A Casa Grande motel has a starring role in a new thriller.
The Boots & Saddle Motel on West Second Street will be the setting for several scenes in “Coyote Requiem,” a movie that tells the story of a woman who is haunted by the drowning death of her daughter and takes a road trip through the American Southwest and into Mexico.
The film’s producer first approached Boots & Saddle manager Joann Wilson in November and inquired about using the motel as one of the settings in the movie.
“I didn’t hesitate. I said yes right away,” Wilson said.
Crews spent a week filming at the motel in February and several of the movie’s scenes take place in the Boots & Saddle pool.
“The water temperature was 42 degrees when they filmed the pool scenes,” Wilson said.
The cool winter temperatures made shooting some pool scenes difficult and crews returned this week to complete filming.
“It was so cold in the pool last time that they had ambulances standing by just in case,” said Nicole Herold, who plays the character Carmen in the film.
Written and directed by Jason Lehel, the movie stars Kevin McNamara and Herold.
As well as the Boots & Saddle Motel, other scenes in the movie might also be familiar to residents. Filmmakers shot footage in Picacho, Phoenix, Guadalupe, Scottsdale and near the abandoned dome structures on Thornton Road south of Casa Grande. Some scenes were filmed in Mexico.
The movie is the second that Lehel and producer John Gordon have made in Casa Grande.
In 2008, the duo set their movie “Gaia” in Casa Grande and did much of the filming on nearby Native American reservations.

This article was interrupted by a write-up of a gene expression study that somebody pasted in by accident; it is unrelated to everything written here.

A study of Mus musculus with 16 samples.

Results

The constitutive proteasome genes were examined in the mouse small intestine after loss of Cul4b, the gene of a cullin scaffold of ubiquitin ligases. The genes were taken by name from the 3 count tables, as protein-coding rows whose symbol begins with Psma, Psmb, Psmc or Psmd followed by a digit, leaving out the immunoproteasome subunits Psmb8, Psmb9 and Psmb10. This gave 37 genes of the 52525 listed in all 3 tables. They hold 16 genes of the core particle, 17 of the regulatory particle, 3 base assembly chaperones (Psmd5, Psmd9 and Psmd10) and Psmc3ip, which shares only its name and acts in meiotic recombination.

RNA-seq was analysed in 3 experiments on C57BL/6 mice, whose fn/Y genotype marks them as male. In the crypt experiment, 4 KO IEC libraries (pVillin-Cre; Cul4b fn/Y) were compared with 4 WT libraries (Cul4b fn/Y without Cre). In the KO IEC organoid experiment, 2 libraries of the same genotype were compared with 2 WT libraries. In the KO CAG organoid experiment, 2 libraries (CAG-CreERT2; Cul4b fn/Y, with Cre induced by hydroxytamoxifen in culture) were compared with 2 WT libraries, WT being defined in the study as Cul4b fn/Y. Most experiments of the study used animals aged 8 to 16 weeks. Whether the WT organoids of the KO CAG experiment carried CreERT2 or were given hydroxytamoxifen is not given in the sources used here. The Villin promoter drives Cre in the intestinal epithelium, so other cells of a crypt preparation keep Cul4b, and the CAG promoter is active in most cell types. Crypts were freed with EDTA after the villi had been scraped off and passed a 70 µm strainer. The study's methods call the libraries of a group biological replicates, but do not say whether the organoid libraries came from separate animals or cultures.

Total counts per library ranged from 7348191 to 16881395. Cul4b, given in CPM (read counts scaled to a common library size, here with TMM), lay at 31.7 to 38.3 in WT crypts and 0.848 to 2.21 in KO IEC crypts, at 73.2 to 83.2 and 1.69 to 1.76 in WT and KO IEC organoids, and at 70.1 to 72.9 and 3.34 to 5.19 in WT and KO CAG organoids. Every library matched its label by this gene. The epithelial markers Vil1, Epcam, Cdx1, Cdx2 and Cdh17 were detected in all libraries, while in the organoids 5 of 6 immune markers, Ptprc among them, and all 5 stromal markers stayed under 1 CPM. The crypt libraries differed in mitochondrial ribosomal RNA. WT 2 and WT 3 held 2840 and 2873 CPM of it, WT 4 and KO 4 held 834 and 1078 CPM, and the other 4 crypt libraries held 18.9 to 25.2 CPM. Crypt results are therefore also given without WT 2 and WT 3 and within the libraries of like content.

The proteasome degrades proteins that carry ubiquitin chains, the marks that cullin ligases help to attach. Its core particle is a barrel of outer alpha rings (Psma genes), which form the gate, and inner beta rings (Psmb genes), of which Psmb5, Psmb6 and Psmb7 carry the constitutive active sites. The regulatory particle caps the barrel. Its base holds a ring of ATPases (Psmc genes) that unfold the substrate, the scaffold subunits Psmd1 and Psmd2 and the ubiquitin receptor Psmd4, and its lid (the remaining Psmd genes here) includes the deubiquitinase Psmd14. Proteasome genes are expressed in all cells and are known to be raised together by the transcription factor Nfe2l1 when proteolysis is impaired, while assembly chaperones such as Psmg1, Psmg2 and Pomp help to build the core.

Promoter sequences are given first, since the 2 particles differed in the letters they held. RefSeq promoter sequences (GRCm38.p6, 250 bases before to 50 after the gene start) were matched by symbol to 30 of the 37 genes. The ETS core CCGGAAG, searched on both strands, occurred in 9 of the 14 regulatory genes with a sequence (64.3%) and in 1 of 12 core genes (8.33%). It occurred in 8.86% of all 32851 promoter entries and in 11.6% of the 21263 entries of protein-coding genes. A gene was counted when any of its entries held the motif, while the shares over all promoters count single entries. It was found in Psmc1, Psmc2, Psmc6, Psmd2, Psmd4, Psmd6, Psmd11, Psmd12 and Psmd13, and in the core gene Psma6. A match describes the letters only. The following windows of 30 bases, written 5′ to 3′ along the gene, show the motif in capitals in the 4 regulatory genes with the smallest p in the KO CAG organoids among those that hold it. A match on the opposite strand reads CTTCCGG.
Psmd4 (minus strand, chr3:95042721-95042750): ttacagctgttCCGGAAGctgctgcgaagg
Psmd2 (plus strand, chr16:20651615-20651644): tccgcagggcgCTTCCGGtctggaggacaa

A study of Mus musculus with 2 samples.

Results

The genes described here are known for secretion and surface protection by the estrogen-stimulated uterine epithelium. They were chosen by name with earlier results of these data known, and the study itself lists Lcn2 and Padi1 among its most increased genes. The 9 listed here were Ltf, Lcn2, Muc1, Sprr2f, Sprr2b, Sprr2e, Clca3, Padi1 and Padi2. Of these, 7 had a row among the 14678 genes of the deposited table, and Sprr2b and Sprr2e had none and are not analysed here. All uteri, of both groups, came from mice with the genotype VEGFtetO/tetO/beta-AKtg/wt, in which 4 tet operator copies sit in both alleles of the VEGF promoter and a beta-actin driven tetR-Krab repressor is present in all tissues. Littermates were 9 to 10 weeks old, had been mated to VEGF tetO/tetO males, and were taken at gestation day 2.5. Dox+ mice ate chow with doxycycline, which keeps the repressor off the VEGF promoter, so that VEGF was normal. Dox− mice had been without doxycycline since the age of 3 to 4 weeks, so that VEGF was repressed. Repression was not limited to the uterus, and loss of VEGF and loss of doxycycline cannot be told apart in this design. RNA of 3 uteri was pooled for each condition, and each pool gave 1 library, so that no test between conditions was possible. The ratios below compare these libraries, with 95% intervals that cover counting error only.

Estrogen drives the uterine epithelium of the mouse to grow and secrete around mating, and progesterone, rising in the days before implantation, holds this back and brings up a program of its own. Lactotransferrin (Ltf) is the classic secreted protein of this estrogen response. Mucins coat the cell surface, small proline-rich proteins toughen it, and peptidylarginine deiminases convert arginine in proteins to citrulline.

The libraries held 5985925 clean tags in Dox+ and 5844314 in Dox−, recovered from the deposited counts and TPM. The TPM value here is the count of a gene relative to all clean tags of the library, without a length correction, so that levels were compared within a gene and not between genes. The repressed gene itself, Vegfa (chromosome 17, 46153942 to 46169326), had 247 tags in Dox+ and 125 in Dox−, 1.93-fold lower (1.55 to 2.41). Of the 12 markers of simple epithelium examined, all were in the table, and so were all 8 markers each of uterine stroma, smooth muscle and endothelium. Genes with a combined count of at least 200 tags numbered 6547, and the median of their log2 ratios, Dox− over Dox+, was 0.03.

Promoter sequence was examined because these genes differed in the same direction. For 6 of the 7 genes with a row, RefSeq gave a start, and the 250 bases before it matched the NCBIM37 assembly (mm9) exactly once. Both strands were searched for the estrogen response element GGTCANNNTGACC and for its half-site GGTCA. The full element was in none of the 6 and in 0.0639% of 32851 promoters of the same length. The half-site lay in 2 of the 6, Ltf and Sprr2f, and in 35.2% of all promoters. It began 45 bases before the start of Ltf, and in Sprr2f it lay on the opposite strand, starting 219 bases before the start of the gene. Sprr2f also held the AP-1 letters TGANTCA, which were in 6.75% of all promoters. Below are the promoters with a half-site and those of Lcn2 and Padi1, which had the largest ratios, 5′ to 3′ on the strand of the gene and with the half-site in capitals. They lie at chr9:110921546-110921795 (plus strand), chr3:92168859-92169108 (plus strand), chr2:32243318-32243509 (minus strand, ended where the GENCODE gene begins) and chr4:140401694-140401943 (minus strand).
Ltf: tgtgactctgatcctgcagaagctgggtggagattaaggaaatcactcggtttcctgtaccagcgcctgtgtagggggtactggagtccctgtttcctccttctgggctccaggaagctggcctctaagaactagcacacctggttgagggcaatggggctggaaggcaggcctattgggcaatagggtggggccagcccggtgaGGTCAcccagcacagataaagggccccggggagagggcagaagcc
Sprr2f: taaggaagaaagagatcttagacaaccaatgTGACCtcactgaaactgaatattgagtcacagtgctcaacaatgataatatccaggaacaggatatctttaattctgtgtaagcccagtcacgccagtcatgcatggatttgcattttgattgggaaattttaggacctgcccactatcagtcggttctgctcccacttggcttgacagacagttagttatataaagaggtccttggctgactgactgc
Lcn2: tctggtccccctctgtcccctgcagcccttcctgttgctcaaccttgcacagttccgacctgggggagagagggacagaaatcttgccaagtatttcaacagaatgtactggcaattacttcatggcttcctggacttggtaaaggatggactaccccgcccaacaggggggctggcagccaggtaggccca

“We loved it here and the people we met,” Gordon said. “When we decided to make a second movie, we knew we wanted to come back to Arizona and shoot some of it in Casa Grande.”
In “Coyote Requiem,” the Boots & Saddle Motel is transformed into a Mexican village.
“As the characters drive into Mexico, they pull into a motel and meet a hitchhiker,” Gordon said. “The Boots and Saddle is the motel in Mexico.”
The Boots & Saddle Motel features a 10-foot-deep pool, and many of the movie’s scenes take part in and around the pool and patio area.
“They brought in their props, and Home Depot helped by lending us some plants,” Wilson said. “It really looked like a Mexican village when they were filming. They even had kids playing soccer in the parking lot.”
Thursday, film producers showed Wilson a few scenes from the movie that feature the motel.
“It’s amazing,” she said.
The Boots & Saddle Motel was built in 1954 and was once busy with tourists and motorists driving along Highway 84, before the days of Interstate 10. But the motel fell into disrepair in the 1970s and ownership changed several times.
“This place once had a terrible reputation,” Wilson said. “The rooms were dirty and there were bugs.”
But in 2008, Wilson took over management of the motel and began renovating the rooms — removing worn-out carpeting, installing tile, replacing furniture, painting interiors and giving the rooms a clean, home-like feel. She also did several renovations to the pool’s patio area.
The motel is now home to several long-term residents.
Wilson said she is looking forward to seeing her name and the Boots & Saddle Motel name in the movie’s final credits.
But Casa Grande residents might have to wait a few years before the movie hits the big screen.
With the independently made film, the makers plan to debut to audiences at the Toronto International Film Festival in September and from there, hopefully catch the attention of a studio.
“We hope the movie gets bought and put into theaters,” Gordon said.